Thursday, November 9, 2017

Ctrl | SZA

Upon the release of her debut album in June, singer-songwriter SZA found herself thrust into the ranks of the Knowles sisters as a figurehead for the modern black woman – a significant charge for a young woman who had to fight a much harder battle than a second-gen Knowles should for the release of her album. After delays – both self-imposed and label-rooted – put it in limbo for almost two years, Ctrl found its footing due to its alignment with the current popularity boom for hip-hop. But spare "Love Galore" and "Doves in the Wind," two lackluster tracks included only because they carry big-name guest features, the album is more sophisticated in sonic composition than its radio-dwelling counterparts, dodging most typical chintz of the hits and capitalizing on authentic, unpolished neo-soul and rhythm and blues.

Rawness and vulnerability are terms that have been branded into SZA's hip, perhaps thanks to this album's title and overarching theme: Control and her perceived lack of it in both life and love. Admittedly but admirably flawed, SZA admits many times over that an affinity for "dirty men" has damned her since the beginning. She owns up to things that once would have been twisted to slut-shame the hell out of a woman and turns them into defiant acts of self-preservation, done in pursuit of taking back control. She advocates for vengeful cheating (the two-stepping, slow-burning "Supermodel," on which she reveals she slept with her ex's friend after he went to Las Vegas without her on Valentine's Day) and upstaging the main attraction as a mere side piece: "My man is my man is your man, heard it's her man, too. You're like nine to five; I'm the weekend," she sings over a sultry groove on "The Weekend."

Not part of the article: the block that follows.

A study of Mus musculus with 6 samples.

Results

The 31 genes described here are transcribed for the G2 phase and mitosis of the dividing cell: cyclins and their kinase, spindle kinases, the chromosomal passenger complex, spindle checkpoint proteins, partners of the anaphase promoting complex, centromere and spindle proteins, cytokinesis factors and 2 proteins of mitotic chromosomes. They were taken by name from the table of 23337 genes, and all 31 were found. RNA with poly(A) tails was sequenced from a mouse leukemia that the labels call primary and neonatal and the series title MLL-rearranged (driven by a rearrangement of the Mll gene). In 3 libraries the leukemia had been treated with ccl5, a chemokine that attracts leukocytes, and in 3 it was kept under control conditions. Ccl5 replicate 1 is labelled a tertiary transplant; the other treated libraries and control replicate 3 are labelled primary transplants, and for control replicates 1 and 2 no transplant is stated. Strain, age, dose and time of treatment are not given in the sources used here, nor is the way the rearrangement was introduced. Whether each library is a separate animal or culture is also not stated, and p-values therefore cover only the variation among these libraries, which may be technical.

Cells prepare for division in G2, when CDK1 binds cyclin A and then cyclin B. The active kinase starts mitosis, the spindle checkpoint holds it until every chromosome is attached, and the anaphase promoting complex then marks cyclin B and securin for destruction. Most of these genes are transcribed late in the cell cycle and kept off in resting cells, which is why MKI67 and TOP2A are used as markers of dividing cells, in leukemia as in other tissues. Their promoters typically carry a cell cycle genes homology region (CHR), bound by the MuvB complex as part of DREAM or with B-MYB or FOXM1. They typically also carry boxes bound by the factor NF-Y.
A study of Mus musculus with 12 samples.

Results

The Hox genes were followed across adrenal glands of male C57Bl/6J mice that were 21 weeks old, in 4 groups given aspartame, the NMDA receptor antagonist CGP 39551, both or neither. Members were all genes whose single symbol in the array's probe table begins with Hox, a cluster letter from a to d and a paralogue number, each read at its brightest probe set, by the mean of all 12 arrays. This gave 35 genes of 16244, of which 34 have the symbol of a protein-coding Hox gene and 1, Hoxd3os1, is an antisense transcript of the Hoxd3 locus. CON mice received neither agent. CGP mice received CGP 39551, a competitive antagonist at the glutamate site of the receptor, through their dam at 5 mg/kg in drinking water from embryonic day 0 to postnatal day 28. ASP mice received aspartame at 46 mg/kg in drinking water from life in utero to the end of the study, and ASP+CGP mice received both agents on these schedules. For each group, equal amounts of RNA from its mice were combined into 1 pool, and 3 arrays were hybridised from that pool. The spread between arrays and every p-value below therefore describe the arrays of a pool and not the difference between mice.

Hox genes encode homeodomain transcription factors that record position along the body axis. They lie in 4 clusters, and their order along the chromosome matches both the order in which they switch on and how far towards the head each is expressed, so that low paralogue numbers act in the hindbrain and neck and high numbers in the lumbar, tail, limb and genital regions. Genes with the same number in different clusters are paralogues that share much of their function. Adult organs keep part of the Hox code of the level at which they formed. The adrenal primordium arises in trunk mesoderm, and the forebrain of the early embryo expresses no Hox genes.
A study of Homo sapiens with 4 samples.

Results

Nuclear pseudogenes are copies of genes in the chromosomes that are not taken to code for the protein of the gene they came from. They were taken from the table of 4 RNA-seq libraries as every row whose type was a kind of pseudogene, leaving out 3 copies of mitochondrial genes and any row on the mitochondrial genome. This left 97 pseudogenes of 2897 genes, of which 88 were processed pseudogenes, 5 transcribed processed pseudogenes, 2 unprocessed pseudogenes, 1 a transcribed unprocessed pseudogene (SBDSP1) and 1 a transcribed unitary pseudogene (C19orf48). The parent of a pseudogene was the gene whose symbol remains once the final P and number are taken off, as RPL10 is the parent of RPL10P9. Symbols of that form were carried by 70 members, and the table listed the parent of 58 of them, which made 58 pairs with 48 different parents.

At the record's pivotal moments, she best translates the consequences of reckless, taboo behavior: Muffled automated drums keep "Prom" alive as it recounts a fear that she hasn't matured the way that she should have, while the downtempo "Broken Clocks" watches time melt as SZA realizes that life has slipped through her fingers. There is also, then, the matter of self-worth – a touchy topic for the other woman, the role she plays from time to time. Two-stepping lead single "Drew Barrymore" recounts her humble dream to eat tacos, smoke a joint, and watch Narcos before it magnifies how relentless self-doubt and self-consciousness destroys it all: "I get so lonely. I forget what I'm worth. We get so lonely. We pretend that this works. I'm so ashamed of myself, think I need therapy."

With personal tales of conflict, sexcapades, and self-loathing, SZA doesn't seem to have it all figured out as the album unfolds. And as a coming of age record, Ctrl is striking in the sense that SZA never does figure life out by the end: "Only know fear. That's me, Ms. 20-Something. Ain't got nothin', runnin' from love," she sings on the album's acoustic finale. It doesn't hurt, of course, that her malleable voice navigates well through her soundscapes, which color a bit outside the lines of the typical R&B artist's template, and that the album doesn't have any shortages of solid grooves or melodies. But what really drives this record home is the young woman at the center of it all: SZA, a charismatic, honest woman who isn't afraid to splatter herself, her insecurities, her mistakes, and her secrets across a damn fine record.

Ctrl is available now under Top Dawg Entertainment and RCA.